Chris O'Donnell: Whatever Blows Your Hair Back

Chris O'Donnell prefers his quiet life in Chicago to the sturm und drang of young Hollywood, but the rising star is happy to sound off about working with Val Kilmer, what it's like to read about his romance in the tabloids, and why some male celebrities frequent hookers.


Chris O'Donnell breezes into the Four Seasons Hotel in L.A. looking more like someone's driver than a guest. In fact, he is neither. He's been staying at a friend's house and has come to the hotel for this interview, a neutral place where the writer can't observe anything too personal about him, and he can make his exit without leaving much of a trace. He's only 25, but he is guarded, and he prefers to maintain as much privacy as possible while still being a recognizable celebrity.

We know something about him -- this is his third Movieline interview -- but we don't really know him. Not yet. Partly because he doesn't really know himself. Or, at any rate, doesn't feel he can articulate enough about himself that would bring us insight and understanding. We know he's from Chicago and still lives there. We know he went to an all-boys Jesuit high school and from there to Boston College. We know he's been in nine movies: Men Don't Leave, Circle of Friends, Blue Sky, Scent of a Woman, Mad Love, The Three Musketeers, Fried Green Tomatoes, School Ties and Batman Forever. We know he likes to golf, is nuts about the Chicago Bulls, and has a steady girlfriend.

What I also found out was that while he was making Batman Forever, O'Donnell was my neighbor, living three houses from me up a narrow canyon in the Hollywood Hills. After I had mentioned where I lived, he said, "Somebody up the street used to yell at me for the loud music."

"You were the guy!" I said. "We used to wonder which house that noise was coming from. So you're to blame for keeping my kids up at night."

No, I wasn't the guy who yelled at him, but when he moved on, I didn't miss him. My two teen daughters, on the other hand, felt differently when I told them who had been living so close by. If they had known, they said, they'd have gone over there personally and told him to either lower the music...or invite them in.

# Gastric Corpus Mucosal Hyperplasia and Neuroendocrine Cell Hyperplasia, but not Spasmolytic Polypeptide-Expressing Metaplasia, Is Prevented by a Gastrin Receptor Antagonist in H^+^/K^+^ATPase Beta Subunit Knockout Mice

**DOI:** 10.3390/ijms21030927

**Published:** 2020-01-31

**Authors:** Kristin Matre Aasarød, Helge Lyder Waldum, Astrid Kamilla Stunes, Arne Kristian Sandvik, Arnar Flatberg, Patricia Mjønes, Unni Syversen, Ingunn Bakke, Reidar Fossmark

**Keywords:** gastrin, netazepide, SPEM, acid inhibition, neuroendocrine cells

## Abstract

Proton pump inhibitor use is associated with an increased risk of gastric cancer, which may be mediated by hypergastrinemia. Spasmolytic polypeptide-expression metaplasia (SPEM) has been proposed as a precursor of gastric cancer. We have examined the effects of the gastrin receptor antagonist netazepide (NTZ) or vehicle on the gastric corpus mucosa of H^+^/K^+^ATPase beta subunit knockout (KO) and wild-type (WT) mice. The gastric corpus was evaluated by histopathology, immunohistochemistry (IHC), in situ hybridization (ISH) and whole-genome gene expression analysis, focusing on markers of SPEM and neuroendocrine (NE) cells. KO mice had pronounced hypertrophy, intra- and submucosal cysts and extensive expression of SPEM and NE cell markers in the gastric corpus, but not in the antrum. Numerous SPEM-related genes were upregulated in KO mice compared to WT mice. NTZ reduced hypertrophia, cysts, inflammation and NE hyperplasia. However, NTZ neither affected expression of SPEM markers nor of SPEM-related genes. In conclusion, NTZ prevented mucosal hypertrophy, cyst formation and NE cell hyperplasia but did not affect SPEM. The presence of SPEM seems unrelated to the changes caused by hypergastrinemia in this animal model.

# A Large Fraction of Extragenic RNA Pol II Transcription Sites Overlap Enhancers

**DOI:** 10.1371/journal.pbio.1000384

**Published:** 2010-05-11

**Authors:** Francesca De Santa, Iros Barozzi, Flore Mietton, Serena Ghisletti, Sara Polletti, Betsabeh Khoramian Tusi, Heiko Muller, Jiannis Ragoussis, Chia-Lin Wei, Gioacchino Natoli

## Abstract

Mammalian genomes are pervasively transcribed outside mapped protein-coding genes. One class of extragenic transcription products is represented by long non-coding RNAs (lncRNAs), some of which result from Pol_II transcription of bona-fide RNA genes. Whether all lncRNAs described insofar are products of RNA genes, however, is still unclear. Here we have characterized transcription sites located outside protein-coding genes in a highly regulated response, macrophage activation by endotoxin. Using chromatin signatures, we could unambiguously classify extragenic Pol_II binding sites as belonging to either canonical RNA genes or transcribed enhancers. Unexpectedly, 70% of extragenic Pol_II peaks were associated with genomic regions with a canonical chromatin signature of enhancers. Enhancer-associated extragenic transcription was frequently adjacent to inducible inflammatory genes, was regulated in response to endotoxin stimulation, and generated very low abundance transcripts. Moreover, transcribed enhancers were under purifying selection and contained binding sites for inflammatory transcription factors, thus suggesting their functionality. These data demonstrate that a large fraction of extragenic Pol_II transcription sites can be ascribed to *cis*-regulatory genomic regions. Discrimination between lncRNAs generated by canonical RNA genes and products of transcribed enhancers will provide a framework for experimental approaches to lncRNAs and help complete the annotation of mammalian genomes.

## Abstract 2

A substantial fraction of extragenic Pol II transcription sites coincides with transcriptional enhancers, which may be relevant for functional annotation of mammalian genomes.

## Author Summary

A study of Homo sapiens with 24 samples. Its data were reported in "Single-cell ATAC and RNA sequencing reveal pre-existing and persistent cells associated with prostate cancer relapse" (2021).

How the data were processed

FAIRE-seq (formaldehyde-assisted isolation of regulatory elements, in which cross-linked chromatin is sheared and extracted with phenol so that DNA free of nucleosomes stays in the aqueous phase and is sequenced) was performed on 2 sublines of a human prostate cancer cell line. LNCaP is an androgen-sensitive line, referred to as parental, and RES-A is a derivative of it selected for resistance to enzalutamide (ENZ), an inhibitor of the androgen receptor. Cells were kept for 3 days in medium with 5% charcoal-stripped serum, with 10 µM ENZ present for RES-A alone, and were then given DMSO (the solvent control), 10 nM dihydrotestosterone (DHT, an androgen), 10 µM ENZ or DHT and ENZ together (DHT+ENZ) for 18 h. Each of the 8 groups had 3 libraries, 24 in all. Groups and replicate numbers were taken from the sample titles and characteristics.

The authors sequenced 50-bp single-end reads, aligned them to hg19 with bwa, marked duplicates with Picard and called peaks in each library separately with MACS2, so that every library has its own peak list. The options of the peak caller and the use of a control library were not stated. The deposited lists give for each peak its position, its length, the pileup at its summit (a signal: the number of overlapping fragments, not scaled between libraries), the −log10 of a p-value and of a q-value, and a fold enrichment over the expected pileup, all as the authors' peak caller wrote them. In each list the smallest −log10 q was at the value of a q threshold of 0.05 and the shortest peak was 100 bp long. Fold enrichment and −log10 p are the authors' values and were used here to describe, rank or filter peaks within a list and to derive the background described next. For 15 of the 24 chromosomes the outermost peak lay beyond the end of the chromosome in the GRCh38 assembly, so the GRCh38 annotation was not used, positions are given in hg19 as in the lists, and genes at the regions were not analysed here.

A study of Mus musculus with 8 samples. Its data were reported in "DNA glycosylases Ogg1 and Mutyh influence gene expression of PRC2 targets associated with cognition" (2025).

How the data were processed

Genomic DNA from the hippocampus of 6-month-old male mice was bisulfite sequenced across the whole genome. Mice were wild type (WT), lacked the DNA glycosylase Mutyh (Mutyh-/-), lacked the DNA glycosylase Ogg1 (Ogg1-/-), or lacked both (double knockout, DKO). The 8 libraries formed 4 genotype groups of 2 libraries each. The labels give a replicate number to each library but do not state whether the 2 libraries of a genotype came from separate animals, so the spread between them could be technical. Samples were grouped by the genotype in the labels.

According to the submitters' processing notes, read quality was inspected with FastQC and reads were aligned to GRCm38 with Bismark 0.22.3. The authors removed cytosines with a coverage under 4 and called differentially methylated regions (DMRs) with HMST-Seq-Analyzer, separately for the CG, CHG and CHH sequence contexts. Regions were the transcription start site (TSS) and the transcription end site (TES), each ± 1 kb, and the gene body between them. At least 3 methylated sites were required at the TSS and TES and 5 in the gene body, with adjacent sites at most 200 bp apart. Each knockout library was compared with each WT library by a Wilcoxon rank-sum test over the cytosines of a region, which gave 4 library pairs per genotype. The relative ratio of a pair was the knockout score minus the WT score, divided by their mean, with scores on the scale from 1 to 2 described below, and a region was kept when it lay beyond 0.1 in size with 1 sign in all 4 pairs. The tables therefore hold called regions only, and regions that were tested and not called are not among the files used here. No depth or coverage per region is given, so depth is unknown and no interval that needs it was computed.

CHRIS O'DONNELL: Just so you know, I'm a really boring interview. I hate doing them.

LAWRENCE GROBEL: Do you find that what you say follows you around?

A: Oh yeah, especially in foreign countries because they just get a piece of it. The funniest thing was when a woman journalist was trying to insist there must have been something between me and Drew Barrymore. She asked, "You've never fallen in love with any of your costars?" And I said, to make her happy, "All right, yes, it happened with Jessica Lange. I tried to ask her out, but she's not into me." A week later I'm watching the E! channel on TV, and it was reported that Chris O'Donnell is actively pursuing Jessica Lange, to no avail. This woman thought I was totally serious, and I was being completely sarcastic. I realized you've got to gauge the level of the intelligence of the people doing the interviewing. It's just weird -- nothing personal -- but I don't feel I can talk freely to a journalist. I don't try to be completely calculating in everything I say and do, but there's no way I'm going to talk. There's no reason to. And that's why I'm such a boring interview, because I don't go for the shock value, or smartass answers.

Q: Right now you may not be sure of what you have to say. Robert De Niro still doesn't know what he wants to say.

A: You get a lot of questions like, "What's your philosophy?" And I'm thinking, I'm 25, I don't have a philosophy. I still go to my dad for advice.

Q: At 25, you've already been in the business seven years. Are you enjoying the toys you're now able to afford?

A: I think I'm pretty smart on what I spend my money on. I still don't have a new car, I drive my old car that I've had forever. But I bought a house in downtown Chicago.

Q: So you're making a commitment to Chicago for now?

A: Oh, yeah. I think the only reason I wouldn't live there was if I got married and my wife wanted to live somewhere else. I'm obviously going to be there for a few years, anyway. I haven't been here in L.A. for a couple of months and was excited to see it all, it's so beautiful out here. But it takes me just a couple of days to remember why I can't deal with it.

Q: What is it about L.A. you can't deal with?

A: I really like it -- there's so much to do, and I have some friends here -- but it's not as exciting as when I first came here. I'm not as naive as I was then. When I spend too much time here, things get out of whack. Too many people here are too concerned about what car they drive, what they look like, where they go, who they hang out with, the whole scene. And when it comes right down to it, the scene here is not that fun. L.A. just doesn't seem real to me. Chicago does. My real friends are there. It's home.